A volunteer is anyone who offers to help without pay. People volunteer time and resources to assist others and to promote causes. Volunteering is a form of altruism that is vital to non-profit organizations and even governments. The late President John F. Kennedy famously stated, “Ask not what your country can do for you. Ask what you can do for your country.” At least part of that statement was aimed at encouraging the volunteer spirit. Many people feel they get more back from volunteering than they give. An estimated 25% or 64 million Americans volunteered in some capacity in 2009. There must be something these people enjoy about volunteering! Here are some of the unspoken benefits and life lessons you can gain from volunteering.
Get out of your rut
Volunteering often gets you out of behavioral ruts that can make life seem boring or shallow. Volunteers often get opportunities to learn new ways of doing things and think through problems never before encountered. If the volunteer work proves boring itself, sometimes that is a benefit because it can make you appreciate your so-called normal life a bit better.
Get over yourself and learn to serve
One of the key aspects of volunteering is giving your time. The unselfish act of turning yourself over to the work for the benefit of others is a good way to discover the joy of not always trying to be the most important person in the room. In that respect giving yourself over in service to others can actually be a liberating process. Without the traditional pressures found in business and other endeavors to try to matter more than everyone else in the room, you actually begin to matter more by becoming valuable to people in ways you might never even see. Inventor Buckminster Fuller discovered his purpose in life when he ceased working for himself and began thinking in terms of working for the benefit of humankind. “You do not belong to you,” Fuller said, “You belong to the universe.”
Become part of a bigger mission
It has been said that most men live lives of quiet desperation. So what is the antidote to desperation? Volunteering. By becoming part of a bigger mission through volunteering, we can give our lives meaning, purpose and focus. It is not uncommon for many people to feel their real work in life is accomplished through volunteering. The small city where I live annually honors community leaders who are usually volunteers. These are the folks who make our community a better place to live. Some of these people have been successful business leaders as well, but it is their work with the homeless, helping the environment, putting on community events and giving selflessly that has made them worthy of gratitude and honor. These people found the simple secret. Becoming part of a bigger mission is the key to enjoying life in its fullest.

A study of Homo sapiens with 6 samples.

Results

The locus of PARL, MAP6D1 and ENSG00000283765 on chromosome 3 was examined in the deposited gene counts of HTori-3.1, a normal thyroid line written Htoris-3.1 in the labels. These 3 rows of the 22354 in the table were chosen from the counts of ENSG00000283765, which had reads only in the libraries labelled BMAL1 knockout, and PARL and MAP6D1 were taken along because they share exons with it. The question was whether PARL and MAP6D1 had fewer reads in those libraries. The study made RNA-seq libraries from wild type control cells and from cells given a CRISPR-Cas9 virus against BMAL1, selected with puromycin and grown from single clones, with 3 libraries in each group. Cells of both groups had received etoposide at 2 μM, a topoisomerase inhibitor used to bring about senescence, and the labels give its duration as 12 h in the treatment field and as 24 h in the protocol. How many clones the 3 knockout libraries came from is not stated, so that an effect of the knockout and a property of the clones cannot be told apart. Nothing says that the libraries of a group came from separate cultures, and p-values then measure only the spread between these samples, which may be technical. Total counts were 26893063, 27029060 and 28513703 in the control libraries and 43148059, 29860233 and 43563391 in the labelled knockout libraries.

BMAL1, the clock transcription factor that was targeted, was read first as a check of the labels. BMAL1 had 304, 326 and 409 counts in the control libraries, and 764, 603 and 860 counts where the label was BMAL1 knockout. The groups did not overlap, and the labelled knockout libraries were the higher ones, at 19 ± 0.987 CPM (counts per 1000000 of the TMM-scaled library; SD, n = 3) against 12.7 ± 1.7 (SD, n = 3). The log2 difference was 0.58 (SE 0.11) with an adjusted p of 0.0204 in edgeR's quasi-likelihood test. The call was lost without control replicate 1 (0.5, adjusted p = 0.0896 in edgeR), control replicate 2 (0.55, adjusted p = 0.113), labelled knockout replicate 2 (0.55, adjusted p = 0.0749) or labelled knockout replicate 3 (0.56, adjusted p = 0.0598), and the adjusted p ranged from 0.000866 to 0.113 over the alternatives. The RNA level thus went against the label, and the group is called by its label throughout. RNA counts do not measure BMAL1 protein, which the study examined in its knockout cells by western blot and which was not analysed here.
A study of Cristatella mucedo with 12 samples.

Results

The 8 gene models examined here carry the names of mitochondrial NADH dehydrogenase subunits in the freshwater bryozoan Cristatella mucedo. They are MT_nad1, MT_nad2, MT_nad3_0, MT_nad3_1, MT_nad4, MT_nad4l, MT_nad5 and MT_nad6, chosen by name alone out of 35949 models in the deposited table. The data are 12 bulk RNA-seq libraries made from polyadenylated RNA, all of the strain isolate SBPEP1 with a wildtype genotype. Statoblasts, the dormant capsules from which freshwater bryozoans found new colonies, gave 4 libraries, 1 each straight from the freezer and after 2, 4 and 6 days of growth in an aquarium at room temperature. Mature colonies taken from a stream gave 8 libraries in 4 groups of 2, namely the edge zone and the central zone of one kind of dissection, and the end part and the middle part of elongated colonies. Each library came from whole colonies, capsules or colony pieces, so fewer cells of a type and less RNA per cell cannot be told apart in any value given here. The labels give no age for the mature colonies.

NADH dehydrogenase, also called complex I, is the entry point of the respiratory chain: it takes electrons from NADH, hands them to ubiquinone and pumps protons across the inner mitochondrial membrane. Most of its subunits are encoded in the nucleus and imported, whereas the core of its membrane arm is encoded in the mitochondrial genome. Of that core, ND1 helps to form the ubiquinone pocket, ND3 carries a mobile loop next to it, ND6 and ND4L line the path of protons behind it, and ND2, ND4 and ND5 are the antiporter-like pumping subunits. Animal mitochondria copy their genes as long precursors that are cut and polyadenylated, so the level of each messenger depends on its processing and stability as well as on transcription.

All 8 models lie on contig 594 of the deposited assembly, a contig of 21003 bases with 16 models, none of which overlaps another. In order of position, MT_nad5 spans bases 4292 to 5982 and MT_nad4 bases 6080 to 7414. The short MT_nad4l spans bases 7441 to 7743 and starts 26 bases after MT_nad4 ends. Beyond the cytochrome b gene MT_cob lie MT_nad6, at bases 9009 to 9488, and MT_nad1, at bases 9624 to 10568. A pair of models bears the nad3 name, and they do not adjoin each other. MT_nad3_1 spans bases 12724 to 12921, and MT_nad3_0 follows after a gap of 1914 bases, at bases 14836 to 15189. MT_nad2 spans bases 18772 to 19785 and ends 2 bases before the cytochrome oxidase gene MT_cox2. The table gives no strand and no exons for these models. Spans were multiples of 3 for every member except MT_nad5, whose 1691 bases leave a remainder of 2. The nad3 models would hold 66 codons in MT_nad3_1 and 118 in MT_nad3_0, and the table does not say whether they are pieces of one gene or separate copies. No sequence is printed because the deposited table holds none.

Discover the pleasure of learning and working with others
Enrolling in college to learn about a field or subject is not the only way of expanding your knowledge about the world. Volunteering is another way to becoming a lifelong learner. Volunteers often travel to other countries in medical, missionary and civil projects that serve as living laboratories for human endeavors. Organizations comprised of both professionals and volunteers create the opportunity to learn and work with experts in a given field. You may even find a career you never expected through volunteer work.
Volunteers really can accomplish great things
In May and December each year, thousands of birdwatchers nationwide fan out to count birds as part of a national census to gather information on the populations of birds in North America. The challenging activity of birding requires quite a bit of knowledge, and most census groups are comprised of birders ranging from expert to novice. Volunteer birders or “citizen scientists” together strive to identify and count as many birds as possible. The census process can be rigorous and exhausting. But at the end of the day as tallies are made and recorded, everyone in the group has contributed in some way. Seeing your results combined with hundreds of other such groups nationwide makes you realize that volunteers can accomplish great things. The data from these annual censuses is being used to establish environmental management policies, monitor endangered bird populations and track global climate change. All because a few thousand volunteers decide to give their time every year.
Volunteering covers the entire range of human endeavors. More importantly, it teaches us all that giving our time can teach us more than we could even hope to teach others.